Care and Maintenance of an Oboe
Basic care and maintenance

Because oboes are made from natural wood, they are sensitive to rapid changes in temperature or humidity. Not only can such sudden changes damage or crack the pipe, they sometimes cause warping that makes smooth jointing together of the instrument's parts impossible. For these reasons, you should pay attention to the following and treat your instrument with care:

  • In the winter, wait until the entire instrument has become adjusted to the temperature of the room before playing.
    *Rapid temperature changes may cause the instrument's keys to cease to move or lead to the pipe cracking.
  • Do not play new instruments for too long.
    For the first two weeks, keep it to around 20 to 30 minutes per day.
  • Before playing, apply a small amount of cork grease to the end to prevent moisture exposure.
  • Thoroughly dry the inside of the instrument's pipe after playing.
  • Also thoroughly wipe away any moisture from the ends of the joint areas.
  • While playing, remove any moisture from inside the pipe with a cleaning scrub during interludes as often as possible.

Before assembling your instrument, apply cork grease to the joint cork and all around the lower portion of the reed tube. Take care not to apply excessive pressure on the keys when assembling the instrument.

Cleaning the interior of the pipe

Moisture left inside the pipe may cause cracks to form. Always wipe away any moisture with a cleaning scrub after playing.
*Using Yamaha scrubs on other manufacturer's instruments may cause problems, such as jamming, due to differences in the sizes of the internal diameter of the pipe, and so forth. Pay careful attention.
Pass a cleaning scrub through the inside of the pipe to completely wipe away the moisture in it.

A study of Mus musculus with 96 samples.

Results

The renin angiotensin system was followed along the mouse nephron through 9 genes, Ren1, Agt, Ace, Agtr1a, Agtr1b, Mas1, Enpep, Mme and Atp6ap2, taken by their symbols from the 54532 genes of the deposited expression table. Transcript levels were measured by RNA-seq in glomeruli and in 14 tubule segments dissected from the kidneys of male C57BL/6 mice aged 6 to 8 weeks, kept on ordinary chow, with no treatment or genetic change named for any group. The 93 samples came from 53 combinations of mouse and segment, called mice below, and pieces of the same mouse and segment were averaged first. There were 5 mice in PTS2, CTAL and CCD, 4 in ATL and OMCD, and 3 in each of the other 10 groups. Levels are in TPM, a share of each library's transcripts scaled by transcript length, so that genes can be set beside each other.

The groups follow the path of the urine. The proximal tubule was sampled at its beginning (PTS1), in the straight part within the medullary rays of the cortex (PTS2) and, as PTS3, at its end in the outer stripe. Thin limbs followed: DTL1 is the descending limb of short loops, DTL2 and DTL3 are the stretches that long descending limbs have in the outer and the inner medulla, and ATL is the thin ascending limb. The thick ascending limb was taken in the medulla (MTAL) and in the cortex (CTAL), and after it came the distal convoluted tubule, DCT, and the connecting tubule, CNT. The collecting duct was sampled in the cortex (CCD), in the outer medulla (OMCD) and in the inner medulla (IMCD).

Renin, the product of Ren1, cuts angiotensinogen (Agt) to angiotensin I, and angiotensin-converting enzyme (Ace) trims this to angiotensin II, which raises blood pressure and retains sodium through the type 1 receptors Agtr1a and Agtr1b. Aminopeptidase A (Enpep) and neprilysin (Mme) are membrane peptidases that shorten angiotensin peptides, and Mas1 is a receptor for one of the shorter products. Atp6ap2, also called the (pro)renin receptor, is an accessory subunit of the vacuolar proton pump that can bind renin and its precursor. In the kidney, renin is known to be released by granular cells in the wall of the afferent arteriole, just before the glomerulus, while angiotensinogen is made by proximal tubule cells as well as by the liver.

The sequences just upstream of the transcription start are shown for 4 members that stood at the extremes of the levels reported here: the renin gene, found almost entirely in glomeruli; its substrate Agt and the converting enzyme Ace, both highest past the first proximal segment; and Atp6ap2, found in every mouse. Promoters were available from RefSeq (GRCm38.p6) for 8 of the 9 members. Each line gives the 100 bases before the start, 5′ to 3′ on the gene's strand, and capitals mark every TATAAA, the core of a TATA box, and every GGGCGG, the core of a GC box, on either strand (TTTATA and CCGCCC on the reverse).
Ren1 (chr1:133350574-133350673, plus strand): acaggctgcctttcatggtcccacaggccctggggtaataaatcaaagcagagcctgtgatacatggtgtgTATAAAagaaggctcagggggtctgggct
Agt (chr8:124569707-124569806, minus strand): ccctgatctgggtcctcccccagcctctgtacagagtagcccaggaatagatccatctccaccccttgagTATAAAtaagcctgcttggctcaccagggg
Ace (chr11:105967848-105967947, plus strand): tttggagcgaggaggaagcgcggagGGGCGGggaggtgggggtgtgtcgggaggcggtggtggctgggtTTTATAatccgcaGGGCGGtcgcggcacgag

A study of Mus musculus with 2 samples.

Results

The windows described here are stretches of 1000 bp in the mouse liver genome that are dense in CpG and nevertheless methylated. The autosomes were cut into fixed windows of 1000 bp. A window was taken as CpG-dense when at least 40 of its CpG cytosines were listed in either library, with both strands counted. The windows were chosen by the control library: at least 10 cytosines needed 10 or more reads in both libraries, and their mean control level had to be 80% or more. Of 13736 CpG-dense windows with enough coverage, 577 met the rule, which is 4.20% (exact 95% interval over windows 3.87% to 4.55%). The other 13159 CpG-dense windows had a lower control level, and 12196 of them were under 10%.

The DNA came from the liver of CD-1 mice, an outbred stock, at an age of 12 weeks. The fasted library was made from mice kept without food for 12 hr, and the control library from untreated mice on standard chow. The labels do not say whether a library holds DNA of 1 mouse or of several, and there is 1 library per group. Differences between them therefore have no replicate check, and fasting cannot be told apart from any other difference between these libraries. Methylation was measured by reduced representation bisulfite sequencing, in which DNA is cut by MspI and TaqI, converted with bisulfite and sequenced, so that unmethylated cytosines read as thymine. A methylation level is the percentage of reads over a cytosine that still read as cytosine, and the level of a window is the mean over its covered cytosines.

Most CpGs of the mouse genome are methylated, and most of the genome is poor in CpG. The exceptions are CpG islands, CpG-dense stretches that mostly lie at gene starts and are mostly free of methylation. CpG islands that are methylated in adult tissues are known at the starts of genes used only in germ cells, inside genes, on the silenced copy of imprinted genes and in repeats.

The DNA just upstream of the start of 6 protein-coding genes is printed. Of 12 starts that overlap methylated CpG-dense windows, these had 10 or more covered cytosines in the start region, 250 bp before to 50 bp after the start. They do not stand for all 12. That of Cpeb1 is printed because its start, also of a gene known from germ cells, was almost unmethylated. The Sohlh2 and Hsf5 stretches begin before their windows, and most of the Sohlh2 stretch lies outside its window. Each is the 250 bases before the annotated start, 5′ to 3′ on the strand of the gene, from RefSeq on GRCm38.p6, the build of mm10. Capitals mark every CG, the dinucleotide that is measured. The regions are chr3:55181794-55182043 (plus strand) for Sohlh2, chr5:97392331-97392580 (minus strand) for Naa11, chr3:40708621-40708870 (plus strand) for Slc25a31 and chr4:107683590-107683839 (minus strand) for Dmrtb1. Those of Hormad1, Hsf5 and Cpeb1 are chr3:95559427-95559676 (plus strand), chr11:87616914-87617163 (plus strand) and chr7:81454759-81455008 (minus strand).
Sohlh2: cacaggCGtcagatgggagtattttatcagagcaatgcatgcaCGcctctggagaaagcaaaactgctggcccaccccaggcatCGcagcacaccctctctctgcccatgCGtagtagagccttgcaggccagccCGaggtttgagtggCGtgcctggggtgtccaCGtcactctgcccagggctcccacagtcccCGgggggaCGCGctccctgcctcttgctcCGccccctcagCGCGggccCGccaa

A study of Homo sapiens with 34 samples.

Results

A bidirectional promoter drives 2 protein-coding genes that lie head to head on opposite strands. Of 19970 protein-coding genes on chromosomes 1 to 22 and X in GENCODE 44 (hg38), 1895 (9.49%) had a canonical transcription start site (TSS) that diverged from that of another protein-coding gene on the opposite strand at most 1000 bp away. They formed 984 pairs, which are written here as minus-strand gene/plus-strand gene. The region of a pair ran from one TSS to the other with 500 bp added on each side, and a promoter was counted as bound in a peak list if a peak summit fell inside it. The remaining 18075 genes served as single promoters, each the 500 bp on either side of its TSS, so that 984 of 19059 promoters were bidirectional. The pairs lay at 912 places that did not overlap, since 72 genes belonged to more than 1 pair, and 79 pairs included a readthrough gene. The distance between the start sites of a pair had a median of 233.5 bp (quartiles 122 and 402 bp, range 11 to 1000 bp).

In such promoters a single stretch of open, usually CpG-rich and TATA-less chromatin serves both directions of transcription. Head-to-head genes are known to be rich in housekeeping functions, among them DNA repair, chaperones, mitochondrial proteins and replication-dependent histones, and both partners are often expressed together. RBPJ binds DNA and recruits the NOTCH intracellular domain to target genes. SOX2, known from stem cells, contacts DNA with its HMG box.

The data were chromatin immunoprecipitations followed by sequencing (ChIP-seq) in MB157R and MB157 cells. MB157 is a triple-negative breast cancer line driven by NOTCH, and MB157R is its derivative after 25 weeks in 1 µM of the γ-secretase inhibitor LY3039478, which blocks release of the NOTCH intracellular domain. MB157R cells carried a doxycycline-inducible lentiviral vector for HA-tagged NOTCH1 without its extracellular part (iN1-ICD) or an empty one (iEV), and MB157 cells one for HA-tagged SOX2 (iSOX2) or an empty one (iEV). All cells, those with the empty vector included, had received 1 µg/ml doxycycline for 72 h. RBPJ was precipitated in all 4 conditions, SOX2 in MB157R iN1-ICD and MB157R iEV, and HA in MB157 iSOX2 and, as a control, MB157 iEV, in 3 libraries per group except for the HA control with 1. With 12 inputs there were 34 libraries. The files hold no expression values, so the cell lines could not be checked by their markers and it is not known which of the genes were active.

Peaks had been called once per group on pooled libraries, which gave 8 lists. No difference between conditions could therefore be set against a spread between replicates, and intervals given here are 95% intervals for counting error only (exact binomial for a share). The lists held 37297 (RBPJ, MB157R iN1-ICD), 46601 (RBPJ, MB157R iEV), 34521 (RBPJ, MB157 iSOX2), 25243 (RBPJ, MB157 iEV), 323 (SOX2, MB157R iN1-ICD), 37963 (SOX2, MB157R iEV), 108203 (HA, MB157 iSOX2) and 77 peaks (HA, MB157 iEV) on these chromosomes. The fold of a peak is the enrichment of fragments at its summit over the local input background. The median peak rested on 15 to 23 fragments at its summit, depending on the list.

Cleaning the interior of the pipe

Care and maintenance of the outside surface

Lightly wipe down the outside of the instrument using a polishing cloth.

Care and maintenance of the keys

Wipe down the keys using a polishing cloth or silk cloth.

Remove any moisture from the pads.

To clean dirt or moisture from the pads, insert cleaning paper into the gaps between the tone holes and then remove.

Oiling the key holes

Drip a small amount of key oil between the keys and key posts. Oil coming into contact with the pads or the cork may cause problems, so do not drip too much on. Use cleaning paper to wipe away any oil that spreads where it should not.
Clean away any trash or dust using a tone hole cleaner from the spaces between the keys and the pipes and other narrow spaces.
Note: Take care that the metal part at the end of the tone hole cleaner does not damage the tone holes or other parts and does not bend the metal springs.

Oiling the key holes

Instruments made from the flexible kingwood are more easily affected by moisture. Take even greater care than with a grenadilla instrument: Do not to drop the instrument or hit it against anything; carefully remove moisture from the bore with a scrub; and avoid rapid changes in temperature or moisture.